AMARILLO, Texas (KAMR/KCIT) — In the state of Texas, coronavirus hospitalizations and infections are on the rise, according to the Texas Department Of State Health Services.

Here locally on the High Plains, we are seeing an increase as well. This, after the Delta variant, was first detected locally about three weeks ago.

Casie Stoughton, director of the Amarillo Public Health Department said the city is seeing an increase in COVID-19. She added that it is important to get a vaccine, but if you don’t, continue to wear your mask in public around other people.

Chief Medical Officer with Northwest Texas Hospital, Dr. Brian Weis said these current trends are concerning, as they went from somewhere between one to three patients to double digits.

“The rise in activity in over the last ten days is very concerning and within a month now we are going to be having children going back to school, so I think we will know in the next couple of weeks whether we are heading for the logarithmic spread that you see a lot with these viruses,” said Dr. Weis.

According to the Texas Department Of State Health Services, 37% are fully vaccinated that are 12 and older in Potter County. For those who are 65 and older that number is about 70%. About 40% that are 12 and older are fully vaccinated in Randall County, while a little more than 68% of those that are 65 and older are fully vaccinated.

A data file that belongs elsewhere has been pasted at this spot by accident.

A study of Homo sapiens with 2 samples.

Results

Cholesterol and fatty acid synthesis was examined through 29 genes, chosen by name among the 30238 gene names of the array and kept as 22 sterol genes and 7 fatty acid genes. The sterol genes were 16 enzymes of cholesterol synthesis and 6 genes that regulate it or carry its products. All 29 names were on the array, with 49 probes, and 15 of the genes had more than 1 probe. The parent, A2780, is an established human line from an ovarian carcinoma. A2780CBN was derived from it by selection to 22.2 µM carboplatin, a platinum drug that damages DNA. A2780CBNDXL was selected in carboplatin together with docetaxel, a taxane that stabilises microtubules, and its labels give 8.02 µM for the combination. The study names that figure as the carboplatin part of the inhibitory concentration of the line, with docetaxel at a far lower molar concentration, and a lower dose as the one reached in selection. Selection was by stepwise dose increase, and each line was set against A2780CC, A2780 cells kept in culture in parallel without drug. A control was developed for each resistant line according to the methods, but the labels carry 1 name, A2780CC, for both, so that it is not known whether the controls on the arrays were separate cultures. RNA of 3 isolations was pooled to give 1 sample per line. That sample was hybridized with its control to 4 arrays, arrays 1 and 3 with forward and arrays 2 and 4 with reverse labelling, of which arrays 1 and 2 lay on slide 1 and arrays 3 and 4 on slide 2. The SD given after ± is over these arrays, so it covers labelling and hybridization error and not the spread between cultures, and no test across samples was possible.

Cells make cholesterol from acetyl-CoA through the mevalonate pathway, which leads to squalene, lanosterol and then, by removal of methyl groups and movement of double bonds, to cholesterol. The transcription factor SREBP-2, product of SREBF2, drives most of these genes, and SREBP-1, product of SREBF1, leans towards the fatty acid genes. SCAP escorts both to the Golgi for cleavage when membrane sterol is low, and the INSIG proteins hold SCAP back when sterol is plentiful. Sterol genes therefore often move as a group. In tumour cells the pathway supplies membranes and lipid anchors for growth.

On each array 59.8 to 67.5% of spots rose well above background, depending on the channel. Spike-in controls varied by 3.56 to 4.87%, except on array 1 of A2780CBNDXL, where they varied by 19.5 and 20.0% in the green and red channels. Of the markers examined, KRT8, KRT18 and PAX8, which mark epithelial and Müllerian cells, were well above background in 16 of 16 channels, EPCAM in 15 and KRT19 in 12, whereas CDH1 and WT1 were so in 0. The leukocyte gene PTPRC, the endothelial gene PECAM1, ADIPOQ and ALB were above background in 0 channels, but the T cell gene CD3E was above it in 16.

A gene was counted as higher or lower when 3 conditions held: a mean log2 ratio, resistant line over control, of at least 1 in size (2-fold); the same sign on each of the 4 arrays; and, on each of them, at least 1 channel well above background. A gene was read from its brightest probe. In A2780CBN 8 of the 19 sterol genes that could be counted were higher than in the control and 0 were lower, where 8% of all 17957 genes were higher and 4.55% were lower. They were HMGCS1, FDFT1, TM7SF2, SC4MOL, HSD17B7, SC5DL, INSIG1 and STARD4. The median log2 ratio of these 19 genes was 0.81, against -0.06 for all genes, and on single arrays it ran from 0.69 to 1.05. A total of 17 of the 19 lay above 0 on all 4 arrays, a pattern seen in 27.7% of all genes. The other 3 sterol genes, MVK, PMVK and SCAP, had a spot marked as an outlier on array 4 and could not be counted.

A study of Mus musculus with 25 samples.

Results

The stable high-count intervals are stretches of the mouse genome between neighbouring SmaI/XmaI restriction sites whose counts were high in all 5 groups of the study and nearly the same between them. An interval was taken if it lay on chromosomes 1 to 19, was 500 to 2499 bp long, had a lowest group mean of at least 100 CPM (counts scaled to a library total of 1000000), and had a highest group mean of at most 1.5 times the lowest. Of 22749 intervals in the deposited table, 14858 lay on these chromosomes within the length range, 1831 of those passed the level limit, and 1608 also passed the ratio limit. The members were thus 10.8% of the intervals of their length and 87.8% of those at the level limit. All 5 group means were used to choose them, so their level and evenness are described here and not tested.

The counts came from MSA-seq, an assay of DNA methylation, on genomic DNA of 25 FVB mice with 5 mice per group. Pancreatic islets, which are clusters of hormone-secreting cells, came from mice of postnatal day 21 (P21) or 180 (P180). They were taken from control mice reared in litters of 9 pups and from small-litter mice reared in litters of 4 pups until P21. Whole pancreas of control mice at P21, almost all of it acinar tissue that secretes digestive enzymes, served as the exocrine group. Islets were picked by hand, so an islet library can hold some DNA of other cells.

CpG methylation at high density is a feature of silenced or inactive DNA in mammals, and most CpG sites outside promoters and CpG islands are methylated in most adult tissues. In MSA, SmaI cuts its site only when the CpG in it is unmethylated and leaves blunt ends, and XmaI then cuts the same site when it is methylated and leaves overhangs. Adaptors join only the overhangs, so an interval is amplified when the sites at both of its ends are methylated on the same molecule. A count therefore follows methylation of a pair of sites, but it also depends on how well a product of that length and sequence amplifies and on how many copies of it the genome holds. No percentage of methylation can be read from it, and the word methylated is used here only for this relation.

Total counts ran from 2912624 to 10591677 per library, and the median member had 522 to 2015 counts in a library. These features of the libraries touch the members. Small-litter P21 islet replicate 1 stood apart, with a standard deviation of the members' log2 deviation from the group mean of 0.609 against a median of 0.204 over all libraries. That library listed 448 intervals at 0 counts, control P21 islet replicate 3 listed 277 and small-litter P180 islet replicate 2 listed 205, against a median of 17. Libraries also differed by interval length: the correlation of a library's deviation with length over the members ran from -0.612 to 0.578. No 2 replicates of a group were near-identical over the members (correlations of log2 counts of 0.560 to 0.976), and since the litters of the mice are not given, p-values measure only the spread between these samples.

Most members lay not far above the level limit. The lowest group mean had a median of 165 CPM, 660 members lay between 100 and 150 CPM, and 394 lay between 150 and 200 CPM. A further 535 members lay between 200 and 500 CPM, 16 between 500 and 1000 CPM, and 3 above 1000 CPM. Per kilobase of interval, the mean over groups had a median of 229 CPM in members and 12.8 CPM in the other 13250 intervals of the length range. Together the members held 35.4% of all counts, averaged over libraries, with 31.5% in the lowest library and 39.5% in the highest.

Dr. Weis said they have three fully vaccinated individuals that have tested positive at NWTH for COVID-19, but he said the vaccine is still the best method to protect yourself from the virus.

“Yes, we are seeing some breakthrough cases with the vaccine, but in terms of the best strategy to stop the reproduction of the virus is to get as many people to be as vaccinated as possible,” said Dr. Weis.

Dr. Weis said if the High Plains sees a significant surge in cases again, they will have to reconfigure how they operate at the hospital.

BSA Health System told us they currently have 23 COVID-19 patients in the hospital, seeing an increase from 17 patients last week, and an increase from two weeks ago when they had nine. They added they had adequate staffing to care for patients.

Dr. Weis said according to experts, 80% of all COVID-19 cases in the United States are related to the Delta variant and that younger people are getting sick with the Delta variant.

“It does seem to really affect younger people. We have had as young as an eight-month-old with COVID come in the last two weeks, but I think the bigger concern is that these kids will spread it amongst the school and then take it home to their parents and their family that maybe more vulnerable to the virus itself,” said Dr. Weis.